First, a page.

Following a series of defeats, HMRC have won a First Tier Tribunal (FTT) case concerning the employment status of three BBC presenters who used personal service companies (PSCs).
The case concerned the working arrangements for presenters Joanna Gosling, David Eades and Tim Willcox. Unusually, the judges disagreed about the IR35 status of the presenters, although they were unanimous that the ‘imbalance of bargaining power’ between the presenters and the BBC was a significant factor in the case, saying “The BBC were in a unique position and used it to force the presenters into contracting through personal service companies and to accept reductions in pay”.
The Tribunal heard evidence that each was required to operate a PSC to receive their payments from 2003 and 2004 until 2014. HMRC had issued the three with tax demands amounting to £920,000, of which around £600,000 has been paid. The tax authority was seeking £300,000, which was understood to consist largely of employers’ national insurance payments.
The judgment – a split decision resolved on a casting vote – said that the taxpayers had fallen foul of IR35 legislation which says that individuals who are employees in all but name should be liable for more tax.
However, this decision runs counter to other recent IR35 rulings involving payment arrangements for TV and radio personalities, as another FTT decided earlier this year that Lorraine Kelly was not liable to pay a £1.2m tax claim arising from her work via a PSC for ITV.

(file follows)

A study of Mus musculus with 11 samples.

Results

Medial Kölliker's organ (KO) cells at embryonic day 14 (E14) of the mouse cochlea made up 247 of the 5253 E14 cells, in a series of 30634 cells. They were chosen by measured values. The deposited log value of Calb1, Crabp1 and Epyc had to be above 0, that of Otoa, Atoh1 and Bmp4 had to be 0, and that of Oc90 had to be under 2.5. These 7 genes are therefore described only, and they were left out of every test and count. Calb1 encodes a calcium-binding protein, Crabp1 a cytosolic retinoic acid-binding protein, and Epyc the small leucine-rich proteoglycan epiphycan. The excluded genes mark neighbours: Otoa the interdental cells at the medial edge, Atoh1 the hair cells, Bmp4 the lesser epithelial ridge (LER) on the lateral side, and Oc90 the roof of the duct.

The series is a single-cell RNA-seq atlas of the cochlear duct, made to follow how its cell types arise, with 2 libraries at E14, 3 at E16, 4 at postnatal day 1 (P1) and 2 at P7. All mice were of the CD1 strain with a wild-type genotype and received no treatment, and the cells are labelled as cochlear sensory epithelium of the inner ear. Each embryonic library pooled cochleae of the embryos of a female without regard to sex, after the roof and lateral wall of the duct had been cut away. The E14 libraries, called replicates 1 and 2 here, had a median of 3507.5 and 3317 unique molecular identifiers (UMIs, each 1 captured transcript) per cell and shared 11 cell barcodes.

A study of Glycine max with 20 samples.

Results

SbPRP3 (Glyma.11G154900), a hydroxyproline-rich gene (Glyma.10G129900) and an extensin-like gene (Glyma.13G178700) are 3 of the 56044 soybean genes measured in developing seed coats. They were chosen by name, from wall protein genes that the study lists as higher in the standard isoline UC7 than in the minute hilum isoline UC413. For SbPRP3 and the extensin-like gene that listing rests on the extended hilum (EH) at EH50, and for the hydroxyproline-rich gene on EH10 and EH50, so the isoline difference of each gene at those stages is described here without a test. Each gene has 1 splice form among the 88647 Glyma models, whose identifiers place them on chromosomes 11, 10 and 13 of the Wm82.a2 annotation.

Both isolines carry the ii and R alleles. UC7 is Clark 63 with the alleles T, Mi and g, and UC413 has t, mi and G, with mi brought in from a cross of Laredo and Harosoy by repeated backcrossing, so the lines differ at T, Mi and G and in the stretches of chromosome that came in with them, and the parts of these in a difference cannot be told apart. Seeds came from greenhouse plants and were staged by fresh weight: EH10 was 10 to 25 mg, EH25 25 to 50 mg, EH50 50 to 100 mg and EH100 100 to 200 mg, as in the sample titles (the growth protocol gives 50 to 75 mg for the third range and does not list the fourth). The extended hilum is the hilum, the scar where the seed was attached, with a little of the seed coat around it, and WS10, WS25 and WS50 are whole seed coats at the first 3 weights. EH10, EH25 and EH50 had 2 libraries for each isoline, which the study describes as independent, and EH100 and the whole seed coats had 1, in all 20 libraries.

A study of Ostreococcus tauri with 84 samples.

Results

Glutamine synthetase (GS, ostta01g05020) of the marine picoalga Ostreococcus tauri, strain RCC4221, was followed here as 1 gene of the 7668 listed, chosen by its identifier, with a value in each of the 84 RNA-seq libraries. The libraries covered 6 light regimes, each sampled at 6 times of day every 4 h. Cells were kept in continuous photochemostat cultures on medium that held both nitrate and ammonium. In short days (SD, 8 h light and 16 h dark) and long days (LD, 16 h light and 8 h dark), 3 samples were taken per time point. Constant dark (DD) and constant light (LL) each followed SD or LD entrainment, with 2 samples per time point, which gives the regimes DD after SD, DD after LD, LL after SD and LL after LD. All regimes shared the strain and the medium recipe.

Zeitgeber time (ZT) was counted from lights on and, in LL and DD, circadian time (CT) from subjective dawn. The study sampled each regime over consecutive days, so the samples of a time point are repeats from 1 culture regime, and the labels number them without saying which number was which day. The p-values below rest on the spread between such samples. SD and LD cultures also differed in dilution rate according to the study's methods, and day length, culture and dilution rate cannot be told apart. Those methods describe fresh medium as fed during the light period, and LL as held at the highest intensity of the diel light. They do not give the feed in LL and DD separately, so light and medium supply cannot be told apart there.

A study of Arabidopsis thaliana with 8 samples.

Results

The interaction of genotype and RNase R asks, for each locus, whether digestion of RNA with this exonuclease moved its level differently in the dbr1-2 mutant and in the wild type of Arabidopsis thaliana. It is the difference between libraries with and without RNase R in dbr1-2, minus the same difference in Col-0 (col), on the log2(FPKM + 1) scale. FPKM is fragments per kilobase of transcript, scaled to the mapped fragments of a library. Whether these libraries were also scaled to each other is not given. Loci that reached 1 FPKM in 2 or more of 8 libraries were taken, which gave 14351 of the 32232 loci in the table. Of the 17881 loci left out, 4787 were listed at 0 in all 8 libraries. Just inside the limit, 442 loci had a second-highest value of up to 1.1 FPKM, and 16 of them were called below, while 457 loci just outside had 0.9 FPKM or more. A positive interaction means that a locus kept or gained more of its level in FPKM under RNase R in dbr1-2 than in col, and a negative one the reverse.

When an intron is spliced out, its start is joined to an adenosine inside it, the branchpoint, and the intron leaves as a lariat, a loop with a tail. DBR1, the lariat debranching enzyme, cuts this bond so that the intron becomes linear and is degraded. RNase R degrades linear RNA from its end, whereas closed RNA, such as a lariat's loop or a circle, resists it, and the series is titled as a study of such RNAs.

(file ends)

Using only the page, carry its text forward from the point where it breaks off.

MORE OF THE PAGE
The BBC said: ‘Recent hearings involving presenters from across the media industry have produced a range of outcomes and this split judgment further demonstrates the confusion of the tax system for those working in broadcasting.’
Around 100 other BBC presenters are thought to have provided their services via a PSC, suggesting that there could be further tribunal hearings in the pipeline.
Andy Chamberlain, deputy director of policy at the Association of Independent Professionals and the Self-Employed (IPSE) said: ‘That this case has taken eight years and ended up with an uncertain split decision shows how confusing and unfit for purpose IR35 is.
‘We will look at the judgement in detail but the uncertainty in the decision is likely to add to the chaos around this legislation. Recently, HMRC has lost the majority of these cases. There is little evidence that they or other experienced tax specialists are confident in how it works.
‘We remain at a loss how the Treasury expects medium-sized businesses to accurately apply IR35 to their contractors from next year when HMRC and tax judges struggle.’